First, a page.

The president released his plan this morning and will give a speech about it at Georgetown University at 1:30 PM.
The plan is a laundry list of carrots and sticks to encourage people to emit less carbon into the atmosphere. Most importantly, he is directing the Environmental Protection Agencies to limit emissions from existing power plants, which account for 40% of U.S. carbon emissions. He would provide a variety of subsidies for clean technologies and impose new restrictions on existing, dirty ones.
This approach can work. But it will be less effective and have greater economic costs than an approach that simply raises the price of emitting carbon and then leaves it to consumers and businesses to react to higher prices.
Unfortunately, a carbon tax can't pass Congress. Cap-and-trade, a similar but more cumbersome approach in which the government imposes an economy-wide limit on carbon emissions and allows people to buy and sell the right to emit carbon, is also a non-starter.
Republicans are skeptical that climate change is even a real problem and they don't want any new taxes. Many congressional Democrats aren't exactly brimming with enthusiasm for these approaches either.
Congress' unwillingness to act leaves Obama with two options: do nothing, or use his existing legal authority to impose a top-down, regulation-heavy approach that creates economic distortions while cutting carbon. The latter is the better option, and he's going with it.
That said, there are three reasons to be especially pleased with Obama's plan, given the constraints he's working within.
- His approach to regulating existing power plants will harness market forces. Obama says he will direct the EPA to "build on state leadership, provide flexibility, and take advantage of a wide range of energy sources." That sounds like a reference to this plan from the Natural Resources Defense Council which would impose state-by-state limits on carbon emissions from existing plants and give states broad leeway in deciding how to implement those cuts. Power utilities could average emissions across new and existing plants and use a mix of strategies to produce energy more cleanly and encourage users to consume less. In other words, the government wouldn't be telling utilities which specific plants to close, and power producers and consumers would be allowed to find the most cost-effective ways to cut emissions.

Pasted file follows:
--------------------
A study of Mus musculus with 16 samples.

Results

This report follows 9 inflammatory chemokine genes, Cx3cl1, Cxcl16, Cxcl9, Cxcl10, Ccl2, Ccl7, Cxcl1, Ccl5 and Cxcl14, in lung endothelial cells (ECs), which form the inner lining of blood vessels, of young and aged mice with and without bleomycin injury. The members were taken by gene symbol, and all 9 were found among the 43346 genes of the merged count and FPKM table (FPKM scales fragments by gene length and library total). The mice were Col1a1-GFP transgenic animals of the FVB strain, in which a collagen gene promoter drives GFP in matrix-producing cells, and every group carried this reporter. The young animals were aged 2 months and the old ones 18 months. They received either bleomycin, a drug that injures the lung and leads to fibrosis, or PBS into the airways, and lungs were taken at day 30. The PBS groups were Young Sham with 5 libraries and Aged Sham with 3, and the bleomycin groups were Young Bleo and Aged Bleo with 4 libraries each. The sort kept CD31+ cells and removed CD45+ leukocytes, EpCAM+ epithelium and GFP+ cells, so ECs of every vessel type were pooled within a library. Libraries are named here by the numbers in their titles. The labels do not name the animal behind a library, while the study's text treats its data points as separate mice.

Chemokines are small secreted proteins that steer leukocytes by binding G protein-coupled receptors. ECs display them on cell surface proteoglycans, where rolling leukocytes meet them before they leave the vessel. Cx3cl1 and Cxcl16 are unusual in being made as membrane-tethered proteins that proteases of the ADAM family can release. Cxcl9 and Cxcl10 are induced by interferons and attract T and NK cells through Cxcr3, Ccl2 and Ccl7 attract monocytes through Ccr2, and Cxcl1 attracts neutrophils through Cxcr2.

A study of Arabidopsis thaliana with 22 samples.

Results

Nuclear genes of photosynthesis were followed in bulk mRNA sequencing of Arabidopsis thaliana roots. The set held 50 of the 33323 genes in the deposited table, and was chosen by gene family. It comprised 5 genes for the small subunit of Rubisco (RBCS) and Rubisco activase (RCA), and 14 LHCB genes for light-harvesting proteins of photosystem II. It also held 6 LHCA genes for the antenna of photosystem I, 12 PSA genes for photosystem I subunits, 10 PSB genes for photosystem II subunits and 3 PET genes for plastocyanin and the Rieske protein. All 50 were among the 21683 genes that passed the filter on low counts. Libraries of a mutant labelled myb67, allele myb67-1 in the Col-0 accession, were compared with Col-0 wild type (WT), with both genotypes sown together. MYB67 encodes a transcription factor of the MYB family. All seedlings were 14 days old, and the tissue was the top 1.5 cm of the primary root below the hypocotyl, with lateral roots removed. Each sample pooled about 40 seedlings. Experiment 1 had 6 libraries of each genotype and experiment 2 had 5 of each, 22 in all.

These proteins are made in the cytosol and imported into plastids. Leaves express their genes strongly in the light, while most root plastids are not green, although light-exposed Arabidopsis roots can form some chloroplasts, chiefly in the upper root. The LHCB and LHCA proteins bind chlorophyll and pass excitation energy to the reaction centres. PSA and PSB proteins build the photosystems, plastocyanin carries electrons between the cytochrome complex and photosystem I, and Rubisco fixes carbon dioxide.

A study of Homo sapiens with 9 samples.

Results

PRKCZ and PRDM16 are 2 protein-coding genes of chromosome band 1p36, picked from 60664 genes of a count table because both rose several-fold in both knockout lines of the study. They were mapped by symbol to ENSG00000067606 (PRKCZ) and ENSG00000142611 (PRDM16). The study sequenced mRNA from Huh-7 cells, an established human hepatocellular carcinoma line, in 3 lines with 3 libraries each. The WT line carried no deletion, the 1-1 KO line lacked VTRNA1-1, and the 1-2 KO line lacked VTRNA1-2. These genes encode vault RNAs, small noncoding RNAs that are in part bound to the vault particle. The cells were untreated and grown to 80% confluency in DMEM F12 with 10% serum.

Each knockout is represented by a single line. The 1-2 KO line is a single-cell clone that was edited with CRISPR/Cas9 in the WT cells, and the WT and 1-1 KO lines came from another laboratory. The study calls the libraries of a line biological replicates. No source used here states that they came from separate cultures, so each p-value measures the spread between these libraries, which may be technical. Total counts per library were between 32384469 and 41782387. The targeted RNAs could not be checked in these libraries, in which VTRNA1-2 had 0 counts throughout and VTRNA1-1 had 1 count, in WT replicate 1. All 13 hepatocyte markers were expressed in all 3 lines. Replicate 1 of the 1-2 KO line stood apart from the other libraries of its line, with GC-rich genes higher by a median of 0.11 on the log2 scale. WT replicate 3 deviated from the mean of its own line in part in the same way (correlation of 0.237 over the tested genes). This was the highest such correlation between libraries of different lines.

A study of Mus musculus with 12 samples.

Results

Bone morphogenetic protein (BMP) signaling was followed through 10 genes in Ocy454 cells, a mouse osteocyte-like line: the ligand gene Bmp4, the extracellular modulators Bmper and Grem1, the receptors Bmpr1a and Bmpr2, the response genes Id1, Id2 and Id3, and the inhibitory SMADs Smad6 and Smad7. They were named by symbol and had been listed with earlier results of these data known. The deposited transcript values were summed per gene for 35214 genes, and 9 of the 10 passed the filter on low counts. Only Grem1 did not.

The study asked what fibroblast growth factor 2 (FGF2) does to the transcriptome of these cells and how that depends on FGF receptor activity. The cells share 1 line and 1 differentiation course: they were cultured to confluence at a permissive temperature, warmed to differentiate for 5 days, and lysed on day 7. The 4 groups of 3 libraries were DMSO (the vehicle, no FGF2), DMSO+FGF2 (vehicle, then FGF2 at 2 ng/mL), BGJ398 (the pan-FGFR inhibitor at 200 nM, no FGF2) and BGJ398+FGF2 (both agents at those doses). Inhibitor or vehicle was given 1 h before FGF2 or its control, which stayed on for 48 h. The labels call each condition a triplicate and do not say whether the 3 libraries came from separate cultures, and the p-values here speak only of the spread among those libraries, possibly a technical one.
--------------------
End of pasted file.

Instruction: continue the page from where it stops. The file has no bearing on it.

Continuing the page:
- Obama will probably approve the Keystone Pipeline. There's no reference at all to Keystone in the White House's report this morning, another sign that it is getting out in front with plans to cut carbon in order to tamp down anger from environmentalists when it allows a major new oil pipeline from Alberta's tar sands. This is why the Washington Post is wrong to call the President's plan a "kitchen sink" approach. Of all the roundabout ways to cut carbon emissions, one of the least cost-efficient is to block the construction of specific pipeline projects. By making clear that it has a plan to get Americans to emit less carbon, the White House frees itself to allow imports from wherever is most cost-effective, including via Keystone.
- Costly new regulations could breathe life into a carbon tax. " The economic consequences of Obama's pure regulatory approach, overall, are almost certain to be much, much worse than those of a carbon tax," said Eli Lehrer of the R Street Institute, a free-market think tank, in an email. "These regulations are likely to have such negative consequences that many Republicans will realize that their only hope of getting rid of them is to establish a workable, limited government alternative." Lehrer wrote with former Rep. Bob Inglis (R-S.C.) last week that conservatives should embrace a carbon tax. That's still going to be a tough sale, but if the alternative is "hugely costly regulations" instead of "no regulations," the sale should be a little bit easier.